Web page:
Jannis Kounellis

Untitled (Sack with Z)


Not on display

Jannis Kounellis 1936–2017
Metal, glass, burlaq sack and coal
Displayed: 650 × 450 × 140 mm
ARTIST ROOMS Tate and National Galleries of Scotland
ARTIST ROOMS Acquired jointly with the National Galleries of Scotland through The d'Offay Donation with assistance from the National Heritage Memorial Fund and the Art Fund 2008


Untitled (Sack with Z) 2001 is a mesh-fronted, shallow metal box containing a jute sack filled with coal. On the front of the sack a large letter ‘Z’ is printed in black paint. The sack takes up three-quarters of the space within the box, and the top of the sack is slightly rolled back so that some of the coal is visible. From 1989 to 2005 Kounellis made a series of works produced in editions, described as multiples, in which he incorporated elements drawn from the vocabulary of his earlier practice. Untitled (Sack with Z) is one of these multiples, produced in an edition of twenty-five.

The stencilled letter ‘Z’ on the sack resembles the stencilled letters, numbers and symbols found in the artist’s early alphabet paintings, such as Untitled 1960 (Tate AR00614). In these works Kounellis used cryptic combinations of symbols to create patterns across the picture plane. In Untitled (Sack with Z) the ‘Z’ might also refer to the last letter of the alphabet or offer a symbol for finality or closure. As with Kounellis’s alphabet paintings, however, the meaning of the letter remains ambiguous.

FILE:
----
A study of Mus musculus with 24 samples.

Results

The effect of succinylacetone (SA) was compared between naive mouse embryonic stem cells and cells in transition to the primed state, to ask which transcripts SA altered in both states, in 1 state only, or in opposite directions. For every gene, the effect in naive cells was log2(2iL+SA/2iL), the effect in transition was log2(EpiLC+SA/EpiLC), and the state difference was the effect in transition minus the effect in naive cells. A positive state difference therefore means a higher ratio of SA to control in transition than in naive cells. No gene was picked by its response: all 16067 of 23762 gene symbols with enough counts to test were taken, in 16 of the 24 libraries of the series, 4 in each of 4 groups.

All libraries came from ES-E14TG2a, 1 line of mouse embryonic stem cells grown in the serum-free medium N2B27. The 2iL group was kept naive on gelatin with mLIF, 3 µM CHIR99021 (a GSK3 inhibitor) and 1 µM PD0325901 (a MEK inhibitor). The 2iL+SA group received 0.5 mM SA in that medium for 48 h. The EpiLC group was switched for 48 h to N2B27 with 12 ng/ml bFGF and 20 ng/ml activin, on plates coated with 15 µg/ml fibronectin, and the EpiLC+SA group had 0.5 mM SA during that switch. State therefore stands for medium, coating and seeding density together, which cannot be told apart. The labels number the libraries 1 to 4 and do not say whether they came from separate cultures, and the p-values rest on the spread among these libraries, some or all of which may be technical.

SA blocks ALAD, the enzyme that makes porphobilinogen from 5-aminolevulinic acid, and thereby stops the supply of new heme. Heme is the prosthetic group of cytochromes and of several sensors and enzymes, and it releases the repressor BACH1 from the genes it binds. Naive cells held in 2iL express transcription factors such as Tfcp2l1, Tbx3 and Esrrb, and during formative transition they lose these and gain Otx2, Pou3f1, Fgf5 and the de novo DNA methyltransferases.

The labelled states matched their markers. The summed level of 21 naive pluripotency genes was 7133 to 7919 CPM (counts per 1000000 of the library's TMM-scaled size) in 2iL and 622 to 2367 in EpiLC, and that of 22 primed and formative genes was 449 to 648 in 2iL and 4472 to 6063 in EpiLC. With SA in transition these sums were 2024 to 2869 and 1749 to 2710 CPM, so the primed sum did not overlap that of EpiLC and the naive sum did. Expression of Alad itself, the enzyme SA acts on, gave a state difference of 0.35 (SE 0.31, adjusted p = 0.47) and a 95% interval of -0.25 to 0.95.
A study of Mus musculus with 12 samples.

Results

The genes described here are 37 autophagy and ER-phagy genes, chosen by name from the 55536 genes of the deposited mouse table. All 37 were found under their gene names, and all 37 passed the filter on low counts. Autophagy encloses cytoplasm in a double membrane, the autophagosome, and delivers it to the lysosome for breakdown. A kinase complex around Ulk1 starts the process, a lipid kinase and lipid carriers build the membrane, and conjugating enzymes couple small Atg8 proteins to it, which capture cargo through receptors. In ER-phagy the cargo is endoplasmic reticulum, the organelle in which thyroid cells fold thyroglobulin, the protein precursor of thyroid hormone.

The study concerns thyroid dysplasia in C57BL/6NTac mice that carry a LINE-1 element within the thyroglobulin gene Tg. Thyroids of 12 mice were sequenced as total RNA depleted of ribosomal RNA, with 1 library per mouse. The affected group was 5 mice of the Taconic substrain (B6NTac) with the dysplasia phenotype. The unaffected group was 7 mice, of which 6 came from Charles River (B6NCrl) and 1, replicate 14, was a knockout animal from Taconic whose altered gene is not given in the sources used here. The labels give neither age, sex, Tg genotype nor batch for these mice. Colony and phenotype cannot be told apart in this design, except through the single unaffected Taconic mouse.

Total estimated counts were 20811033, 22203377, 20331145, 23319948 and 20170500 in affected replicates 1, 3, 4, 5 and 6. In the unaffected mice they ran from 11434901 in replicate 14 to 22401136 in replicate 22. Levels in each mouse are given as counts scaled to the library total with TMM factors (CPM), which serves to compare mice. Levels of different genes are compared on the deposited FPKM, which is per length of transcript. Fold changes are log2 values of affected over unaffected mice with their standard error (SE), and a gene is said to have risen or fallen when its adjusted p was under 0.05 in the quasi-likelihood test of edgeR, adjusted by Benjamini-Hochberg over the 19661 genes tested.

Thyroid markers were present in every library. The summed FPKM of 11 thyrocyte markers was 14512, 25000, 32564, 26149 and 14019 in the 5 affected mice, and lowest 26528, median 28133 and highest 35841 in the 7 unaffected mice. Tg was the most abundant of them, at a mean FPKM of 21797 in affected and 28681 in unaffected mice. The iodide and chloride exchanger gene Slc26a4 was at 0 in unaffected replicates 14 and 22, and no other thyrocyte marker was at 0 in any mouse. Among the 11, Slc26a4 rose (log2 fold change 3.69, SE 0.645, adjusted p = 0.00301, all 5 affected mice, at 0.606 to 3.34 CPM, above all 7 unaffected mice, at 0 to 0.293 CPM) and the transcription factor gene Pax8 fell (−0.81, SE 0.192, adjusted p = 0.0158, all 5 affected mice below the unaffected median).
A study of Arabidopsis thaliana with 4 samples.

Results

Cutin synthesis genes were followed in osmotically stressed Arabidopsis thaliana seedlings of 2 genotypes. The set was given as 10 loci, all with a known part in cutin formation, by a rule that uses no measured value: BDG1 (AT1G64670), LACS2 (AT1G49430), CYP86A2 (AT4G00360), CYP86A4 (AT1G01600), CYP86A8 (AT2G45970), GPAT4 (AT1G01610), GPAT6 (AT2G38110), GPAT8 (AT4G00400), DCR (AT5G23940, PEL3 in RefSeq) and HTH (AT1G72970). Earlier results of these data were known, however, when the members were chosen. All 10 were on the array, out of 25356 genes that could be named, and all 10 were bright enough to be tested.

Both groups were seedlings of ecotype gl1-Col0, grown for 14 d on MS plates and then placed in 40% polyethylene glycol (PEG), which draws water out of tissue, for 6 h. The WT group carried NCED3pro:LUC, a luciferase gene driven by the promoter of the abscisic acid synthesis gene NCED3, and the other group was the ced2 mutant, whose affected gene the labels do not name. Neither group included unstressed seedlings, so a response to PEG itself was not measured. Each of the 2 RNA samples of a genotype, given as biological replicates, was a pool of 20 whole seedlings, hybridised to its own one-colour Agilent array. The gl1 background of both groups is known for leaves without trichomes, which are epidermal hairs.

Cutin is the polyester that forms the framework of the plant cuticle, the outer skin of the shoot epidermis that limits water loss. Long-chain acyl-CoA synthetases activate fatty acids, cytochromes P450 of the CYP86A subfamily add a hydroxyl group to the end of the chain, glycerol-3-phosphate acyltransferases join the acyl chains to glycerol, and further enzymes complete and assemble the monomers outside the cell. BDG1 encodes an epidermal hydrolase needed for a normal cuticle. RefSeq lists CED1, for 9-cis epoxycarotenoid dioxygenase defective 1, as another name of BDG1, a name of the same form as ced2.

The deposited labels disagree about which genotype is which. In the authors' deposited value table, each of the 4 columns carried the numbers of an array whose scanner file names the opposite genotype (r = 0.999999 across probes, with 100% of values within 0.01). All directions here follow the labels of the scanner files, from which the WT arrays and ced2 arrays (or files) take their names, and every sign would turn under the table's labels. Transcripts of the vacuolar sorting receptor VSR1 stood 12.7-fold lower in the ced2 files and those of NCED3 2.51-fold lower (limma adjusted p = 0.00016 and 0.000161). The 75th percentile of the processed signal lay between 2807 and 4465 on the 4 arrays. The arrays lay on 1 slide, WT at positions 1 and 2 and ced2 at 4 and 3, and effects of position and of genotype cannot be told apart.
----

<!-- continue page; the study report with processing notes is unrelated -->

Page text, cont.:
Kounellis has used sacks of coal throughout his career, one of the earliest examples being Untitled 1969 (Tate AR00069). In a 2002 interview the artist reflected: ‘You know that I used burlap sacks in many of my works. Those sacks are tied to the idea of maritime commerce. You can find them in every Levantine harbor. But you find them in New York or in South America too, the whole world over.’ (Quoted in Codognato and d’Argenzio 2002, p.317.) The sack of coal in this work might allude to trade and commerce as Kounellis suggests, recalling the artist’s place of birth, Piraeus, the busy port town of Athens.

For Kounellis the physical reality of the materials in his work is important. When, for example, he uses coal it is important that it is real, as he states: ‘A hundredweight of coal, not plastic painted like coal, not an abstract weight. A weight is what hides, its history, its morality. For the artist a hundredweight of coal is the moral history of an aesthetic.’ (Quoted in Moure 2001, p.313.) It is important to Kounellis to use materials that are what they appear to be. He sees them as authentic and honest, and, for him, their presence thus contains moral authority. The coal here, then, alludes to this sense of integrity.

Further reading
Gloria Moure, Jannis Kounellis: Works, Writings 1985–2000, Barcelona 2001.
Mario Codognato and Mirta d’Argenzio (eds.), Echoes in the Darkness: Jannis Kounellis, Writings and Interviews 1966–2002, London 2002.
Stephen Bann, Jannis Kounellis, London 2003.

Ruth Burgon
University of Edinburgh
January 2015

The University of Edinburgh is a research partner of ARTIST ROOMS.